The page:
Mobile phone novels: Excellent & praiseworthy?
In a post I wrote in September
I spoke of the changes that technology is bringing to communication and language.“One of the most significant changes has been the extent to which the spoken or written word has been supplemented, replaced or changed by images, video and film, and even led to new representational forms (gaming is a perfect example). This has led some to suggest that the written word is less relevant than it was once. There is little doubt that the written word is used increasingly with other forms of communication and that in our world we are surrounded by more complex ‘multiliteracies’. By this I mean new forms of communication that are multimodal and require much more interplay between words, images, sound, video, spoken language etc. However, we still have much to learn about this topic.”
Living evidence of the changes that technology is bringing is seen in the recently announced Japanese bestseller list. For the first time the list is dominated by fiction written to be delivered and read on mobile phones. Five of the most successful novels, in fact the top three (!), were all “mobile novels”. The number one seller Love Sky
sold 2,000,000 copies. Richard Lloyd Parry reporting in TimesOnline
points out that these mobile novels are written in short sentences, use relatively few characters, feature melodramatic plots with lots of violence, sex and tear-jerking sentiment. Love Sky
, is the story of a teenage girl who is bullied, gang-raped, becomes pregnant and suffers a miscarriage. Anyone who has lived in Japan (or even visited as I have) will no doubt know that Japan has had a history of prolific reading of adult comics with similar themes. I have images in mind of the Tokyo subway where almost every male in the carriage would be reading one of these books (and some women) and most women reading women’s magazines. It seems these texts might soon be supplanted by mobile novels.
There have been critics and supporters of this new form of reading. One critic wrote: “The fact that young readers are being exposed to immature expressions and stunted vocabulary will accelerate illiteracy and damage their ability to express themselves.”
Another however, argued that the new genre is doing literature a service by promoting reading among young people who would otherwise have little interest in books. You can see parallels here with debates in the past about comics, television and gaming. Previous predictions of language ruination have not proven accurate, but change does occur.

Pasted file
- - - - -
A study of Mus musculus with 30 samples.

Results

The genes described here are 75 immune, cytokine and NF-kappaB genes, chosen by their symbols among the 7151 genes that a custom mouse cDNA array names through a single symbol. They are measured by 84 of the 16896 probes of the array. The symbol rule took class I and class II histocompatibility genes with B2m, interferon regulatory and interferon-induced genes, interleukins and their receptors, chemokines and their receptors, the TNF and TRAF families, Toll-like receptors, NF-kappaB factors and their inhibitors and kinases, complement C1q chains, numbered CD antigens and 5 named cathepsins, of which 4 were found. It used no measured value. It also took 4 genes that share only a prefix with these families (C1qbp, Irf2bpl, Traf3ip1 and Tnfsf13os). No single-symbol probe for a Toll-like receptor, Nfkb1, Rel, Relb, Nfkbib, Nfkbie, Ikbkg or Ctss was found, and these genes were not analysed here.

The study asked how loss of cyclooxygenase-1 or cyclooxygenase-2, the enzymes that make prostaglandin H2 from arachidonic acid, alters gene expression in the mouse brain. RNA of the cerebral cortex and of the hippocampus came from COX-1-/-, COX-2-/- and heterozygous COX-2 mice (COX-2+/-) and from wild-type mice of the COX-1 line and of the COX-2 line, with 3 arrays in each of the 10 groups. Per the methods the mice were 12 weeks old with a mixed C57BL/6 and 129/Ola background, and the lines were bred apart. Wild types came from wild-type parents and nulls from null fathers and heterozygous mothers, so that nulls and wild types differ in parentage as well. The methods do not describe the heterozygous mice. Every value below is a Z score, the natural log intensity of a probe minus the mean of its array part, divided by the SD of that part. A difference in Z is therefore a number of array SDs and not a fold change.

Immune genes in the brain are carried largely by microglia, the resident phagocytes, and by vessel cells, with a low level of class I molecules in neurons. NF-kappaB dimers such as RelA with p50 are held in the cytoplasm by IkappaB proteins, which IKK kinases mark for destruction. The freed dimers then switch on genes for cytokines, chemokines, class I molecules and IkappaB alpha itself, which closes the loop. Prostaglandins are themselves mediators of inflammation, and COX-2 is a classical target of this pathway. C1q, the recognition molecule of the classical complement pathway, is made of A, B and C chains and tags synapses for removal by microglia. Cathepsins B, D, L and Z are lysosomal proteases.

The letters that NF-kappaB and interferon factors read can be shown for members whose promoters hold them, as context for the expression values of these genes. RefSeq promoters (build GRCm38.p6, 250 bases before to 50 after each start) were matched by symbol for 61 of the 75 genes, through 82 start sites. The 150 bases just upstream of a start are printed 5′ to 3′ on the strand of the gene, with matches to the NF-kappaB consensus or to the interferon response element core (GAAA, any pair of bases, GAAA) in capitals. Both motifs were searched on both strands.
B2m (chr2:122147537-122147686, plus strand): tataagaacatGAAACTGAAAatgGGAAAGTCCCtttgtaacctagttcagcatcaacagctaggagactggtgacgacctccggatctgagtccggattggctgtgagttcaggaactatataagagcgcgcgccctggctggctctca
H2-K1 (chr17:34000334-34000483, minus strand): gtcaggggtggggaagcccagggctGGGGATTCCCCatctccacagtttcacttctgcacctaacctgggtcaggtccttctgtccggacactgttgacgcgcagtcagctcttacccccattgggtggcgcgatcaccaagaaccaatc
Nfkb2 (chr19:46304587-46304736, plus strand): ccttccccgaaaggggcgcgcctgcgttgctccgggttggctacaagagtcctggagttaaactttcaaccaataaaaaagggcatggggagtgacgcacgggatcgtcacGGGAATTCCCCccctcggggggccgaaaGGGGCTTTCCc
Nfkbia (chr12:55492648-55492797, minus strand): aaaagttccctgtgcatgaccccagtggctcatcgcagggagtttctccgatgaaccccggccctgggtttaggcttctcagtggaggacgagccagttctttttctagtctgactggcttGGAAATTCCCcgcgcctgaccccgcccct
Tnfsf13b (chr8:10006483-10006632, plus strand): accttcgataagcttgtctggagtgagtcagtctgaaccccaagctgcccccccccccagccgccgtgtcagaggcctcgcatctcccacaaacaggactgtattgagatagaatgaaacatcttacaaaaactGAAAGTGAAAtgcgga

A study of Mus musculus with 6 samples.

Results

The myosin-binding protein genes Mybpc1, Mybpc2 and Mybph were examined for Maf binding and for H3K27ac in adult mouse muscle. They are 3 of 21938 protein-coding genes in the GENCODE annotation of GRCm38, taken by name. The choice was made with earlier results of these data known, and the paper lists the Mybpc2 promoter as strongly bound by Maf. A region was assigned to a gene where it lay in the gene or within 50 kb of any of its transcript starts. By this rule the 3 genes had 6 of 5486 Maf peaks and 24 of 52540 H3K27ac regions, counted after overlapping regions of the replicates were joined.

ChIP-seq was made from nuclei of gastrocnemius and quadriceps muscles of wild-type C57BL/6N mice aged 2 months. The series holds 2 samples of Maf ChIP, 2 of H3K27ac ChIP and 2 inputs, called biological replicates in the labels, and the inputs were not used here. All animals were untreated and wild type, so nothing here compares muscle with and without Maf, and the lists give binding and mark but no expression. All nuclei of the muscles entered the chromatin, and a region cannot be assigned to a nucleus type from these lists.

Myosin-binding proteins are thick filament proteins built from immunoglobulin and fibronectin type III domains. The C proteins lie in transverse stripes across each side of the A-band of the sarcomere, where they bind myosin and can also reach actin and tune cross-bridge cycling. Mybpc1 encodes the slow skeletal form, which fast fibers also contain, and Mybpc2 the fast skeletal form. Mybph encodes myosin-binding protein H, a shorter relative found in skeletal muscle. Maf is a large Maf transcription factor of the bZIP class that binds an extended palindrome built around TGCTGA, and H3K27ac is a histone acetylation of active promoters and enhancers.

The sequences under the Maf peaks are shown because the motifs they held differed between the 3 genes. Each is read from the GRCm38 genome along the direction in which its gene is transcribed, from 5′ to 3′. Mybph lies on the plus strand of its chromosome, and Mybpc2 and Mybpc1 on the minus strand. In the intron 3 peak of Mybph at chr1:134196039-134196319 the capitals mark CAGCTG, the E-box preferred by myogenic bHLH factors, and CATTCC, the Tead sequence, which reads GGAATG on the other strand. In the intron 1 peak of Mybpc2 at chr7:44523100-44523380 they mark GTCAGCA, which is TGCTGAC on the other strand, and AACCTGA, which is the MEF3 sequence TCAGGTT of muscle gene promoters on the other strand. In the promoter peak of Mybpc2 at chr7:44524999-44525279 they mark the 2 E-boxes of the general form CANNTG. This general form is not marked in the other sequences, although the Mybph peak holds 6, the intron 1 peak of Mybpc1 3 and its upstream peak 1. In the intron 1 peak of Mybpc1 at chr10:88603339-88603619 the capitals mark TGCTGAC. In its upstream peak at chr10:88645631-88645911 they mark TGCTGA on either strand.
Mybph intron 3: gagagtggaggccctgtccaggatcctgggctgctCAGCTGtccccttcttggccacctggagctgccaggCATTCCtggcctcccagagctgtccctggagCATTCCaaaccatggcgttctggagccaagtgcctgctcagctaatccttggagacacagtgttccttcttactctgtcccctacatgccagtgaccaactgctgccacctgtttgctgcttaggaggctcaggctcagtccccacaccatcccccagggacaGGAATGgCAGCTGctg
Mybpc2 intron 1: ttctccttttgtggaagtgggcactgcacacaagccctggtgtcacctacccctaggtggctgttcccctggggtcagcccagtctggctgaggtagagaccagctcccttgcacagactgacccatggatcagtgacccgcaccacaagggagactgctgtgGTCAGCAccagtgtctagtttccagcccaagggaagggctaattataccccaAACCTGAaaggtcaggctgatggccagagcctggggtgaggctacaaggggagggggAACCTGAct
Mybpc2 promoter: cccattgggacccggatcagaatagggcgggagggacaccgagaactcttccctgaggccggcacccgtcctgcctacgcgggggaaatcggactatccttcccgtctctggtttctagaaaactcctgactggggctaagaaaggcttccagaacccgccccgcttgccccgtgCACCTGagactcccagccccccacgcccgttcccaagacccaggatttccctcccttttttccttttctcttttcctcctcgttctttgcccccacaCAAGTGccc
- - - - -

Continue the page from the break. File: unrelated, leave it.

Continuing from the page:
I have no doubt that this literary form won’t give us too many pieces of classic fiction and that unlike many of the classic love stories (see my post on Books that stand the test of time
) mobile novels will have a short half-life. With language like the following, this is a safe prediction: “I'm short, I'm stupid, I'm not pretty, I'm rubbish, and I've got no dreams.”
(Love Sky by Mika).
However, while I doubt that electronic novels will lead to a new generation of illiterates (in fact it might have some positive impacts for literacy levels), as a Christian I’m more concerned that the rise of the mobile novel will make even more accessible poor quality fiction that does little for the feeding of the human soul. I’m confident that in fifty years great works of fiction will still be read, but I’m concerned at how much more impoverished young people will be if their literary diet is limited by mobile phone novels of the quality that we’ve seen in Japan.
I keep coming back to the words of the Apostle Paul, recorded in the Bible and written to the Philippian church, to focus their hearts and minds on things that are admirable:“Finally, brothers, whatever is true, whatever is noble, whatever is right, whatever is pure, whatever is lovely, whatever is admirable—if anything is excellent or praiseworthy—think about such things. Whatever you have learned or received or heard from me, or seen in me—put it into practice. And the God of peace will be with you”
In another post during book week
I quoted from one of my books on literacy extolling the virtues of quality literature. I reproduce it once again:
A piece of literature is more than just a good story. I wrote in Pathways to Literacy
(1995, p.77-78) that literature can act as:
* a mirror to enable readers to reflect on life problems and circumstances
* a source of knowledge
* a source of ideological challenge
* a means to peer into the past, and the future
* a vehicle to other places
* a means to reflect on inner struggles
* an introduction to the realities of life and death
* a vehicle for the raising and discussion of social issues
As well as helping children to be comfortable using language and to become readers, literature offers all of the above opportunities, and provides parents with a rich and enjoyable means to apply the wisdom of God to the stories our children read.
My plea is for adults to feed their minds and those of their children with narrative forms of quality and which celebrate that which is true, noble, right, pure, lovely and admirable. Of course, the Bible for the Christian is the book above all books to be read regularly (preferably daily), but there is much to commend in the richness of human narratives that have been passed to us in literature.
Those interested in more posts on literacy, families and learning
might find by blog devoted to these topics useful.